Yeasts

basically interested in british style ordinary bitter (gravity 1035-1042,
although I'm tending slightly higher) as the American brewers seem incapable
of managing anything under 1048 (4.8%) or so.

Anyway, back on track - I've noticed that one yeast I've had excellent brew
results with follows a very strange pattern.  This used the yeast sediment
from the bottom of Yards' (Philadelphia) Bottle Conditioned IPA (this adds a
step to the brew process where I have to drink 3-4 bottles of the stuff
during the boil and preparation, but I don't really mind the extra work...)
When I use this (just swill out the bottles into the cooled wort with a
little water), it takes a long time for the fermentation to visibly start
(maybe a whole week or so), then it bubbles furiously for a day or two, then
nothing again.

This latest batch I'm running now instead uses the yeast from 2 bottles of
Schoefferhoefer wheat beer (a fabulous genuine German one from Frankfurt),
it started bubbling after about 1 day and is going nicely.

Any idea why the "start time for these yeasts has been so different?  Other
searches have suggested making a "starter" with some sugar solution for the
Yeast to grow in first, but I've always gained the impression that it's just
a means of getting the total amount of yeast up beforehand - and I figured
by using multiple bottle loads, I was almost certainly getting a decent
quantity.  I did try a brief period one time with no tangibly different
results.



Re: Yeasts



Bottle conditioned beers have used yeast that has devoured all available
sugars
(yeast food) and have gone dormant. Wake up times vary quite a
bit. You could
make a starter from these by making a one liter mini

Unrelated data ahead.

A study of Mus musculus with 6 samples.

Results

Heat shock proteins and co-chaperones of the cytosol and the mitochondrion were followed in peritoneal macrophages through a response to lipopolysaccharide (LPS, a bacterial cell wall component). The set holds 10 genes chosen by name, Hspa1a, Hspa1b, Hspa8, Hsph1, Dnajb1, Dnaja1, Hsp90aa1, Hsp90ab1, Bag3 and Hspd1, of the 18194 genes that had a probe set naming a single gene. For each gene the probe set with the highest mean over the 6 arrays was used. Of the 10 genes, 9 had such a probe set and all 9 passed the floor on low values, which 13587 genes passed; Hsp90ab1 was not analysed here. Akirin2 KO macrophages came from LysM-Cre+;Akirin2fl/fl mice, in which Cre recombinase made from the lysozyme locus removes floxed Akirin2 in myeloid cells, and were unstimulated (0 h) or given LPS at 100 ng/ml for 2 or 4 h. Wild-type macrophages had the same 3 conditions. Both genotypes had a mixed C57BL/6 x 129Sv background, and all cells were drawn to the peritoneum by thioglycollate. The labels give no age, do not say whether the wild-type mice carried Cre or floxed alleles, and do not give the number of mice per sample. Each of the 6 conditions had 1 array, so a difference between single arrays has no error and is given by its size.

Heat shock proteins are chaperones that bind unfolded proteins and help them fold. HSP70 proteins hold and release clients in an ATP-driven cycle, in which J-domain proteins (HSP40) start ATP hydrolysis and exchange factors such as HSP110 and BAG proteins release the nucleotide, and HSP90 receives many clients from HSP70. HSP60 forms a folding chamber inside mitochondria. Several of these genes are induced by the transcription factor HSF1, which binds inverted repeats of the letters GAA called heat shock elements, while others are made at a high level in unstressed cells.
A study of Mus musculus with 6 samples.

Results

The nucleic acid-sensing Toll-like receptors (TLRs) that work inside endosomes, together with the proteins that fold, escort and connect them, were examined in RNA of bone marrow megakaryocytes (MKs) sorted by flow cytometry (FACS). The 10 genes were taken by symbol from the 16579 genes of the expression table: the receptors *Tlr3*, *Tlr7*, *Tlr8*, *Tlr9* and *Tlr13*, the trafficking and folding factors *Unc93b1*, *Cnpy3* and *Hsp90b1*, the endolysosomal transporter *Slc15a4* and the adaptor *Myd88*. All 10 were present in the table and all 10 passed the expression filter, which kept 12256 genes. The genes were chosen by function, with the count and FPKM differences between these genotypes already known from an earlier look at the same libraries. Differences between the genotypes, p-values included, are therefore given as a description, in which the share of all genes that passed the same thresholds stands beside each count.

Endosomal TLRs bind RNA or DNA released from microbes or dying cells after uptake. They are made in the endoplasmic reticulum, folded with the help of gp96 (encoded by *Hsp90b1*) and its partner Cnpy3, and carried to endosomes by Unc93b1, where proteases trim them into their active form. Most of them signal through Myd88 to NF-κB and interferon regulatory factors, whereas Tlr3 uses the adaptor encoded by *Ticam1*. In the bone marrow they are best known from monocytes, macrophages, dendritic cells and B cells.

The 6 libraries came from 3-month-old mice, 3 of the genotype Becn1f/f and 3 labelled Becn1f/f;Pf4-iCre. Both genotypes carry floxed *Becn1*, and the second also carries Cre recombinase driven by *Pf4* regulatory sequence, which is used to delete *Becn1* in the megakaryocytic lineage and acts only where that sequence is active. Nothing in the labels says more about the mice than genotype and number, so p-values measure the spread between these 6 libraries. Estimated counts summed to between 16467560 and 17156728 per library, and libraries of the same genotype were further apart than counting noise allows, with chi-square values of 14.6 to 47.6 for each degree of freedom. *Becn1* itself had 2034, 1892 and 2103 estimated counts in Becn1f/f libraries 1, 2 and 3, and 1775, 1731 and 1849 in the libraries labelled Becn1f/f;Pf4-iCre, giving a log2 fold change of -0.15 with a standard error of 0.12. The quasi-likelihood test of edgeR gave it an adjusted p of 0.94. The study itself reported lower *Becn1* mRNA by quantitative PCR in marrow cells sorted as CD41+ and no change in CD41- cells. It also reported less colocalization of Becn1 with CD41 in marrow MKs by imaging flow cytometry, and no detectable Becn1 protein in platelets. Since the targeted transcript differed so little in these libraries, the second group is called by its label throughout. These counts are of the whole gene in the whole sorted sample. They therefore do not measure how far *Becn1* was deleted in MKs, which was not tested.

batch a few days ahead of
brew day. That would wake them up and
decrease your lag time on getting your
beer fermenting.


--
BierNewbie



And further to the good advice, if you make a wort starter, don't use
sugar -
make a mini wort that's made of malt as the deprived yeast need
to rebuild and
adapt to a new environment, which explains the lag
between pitching and
fermentation.  Dry yeast can be brought to life by
simply re-hydrating in water
since most dry yeast sachets have
sufficient nutrients and compounds including
trehalose to give the
yeast a kick in the pants when hydrated.
Re the bottled yeast, you may find that some yeast strains in
commercially
available beer bottles are in fact only used to carbonate
the beer and may not
necessarily be the actual strain that was used
during primary fermentation - you
could always have a go at asking the
brewery that made the IPA if the bottled
yeast is a carbonation strain
or the original fermentation strain...


--
Rowan

Canberra Brewers Club
Australia.


I went and visited the brewery a week ago, the brewer was surprised at the
lag, it's the same yeast, they filter most of it out, but there's still a
tangible quantity.  They do use the same yeast for all their beer except for
a Belgian Witbier style they have a seperate yeast for.

I think I'll just live with the delay.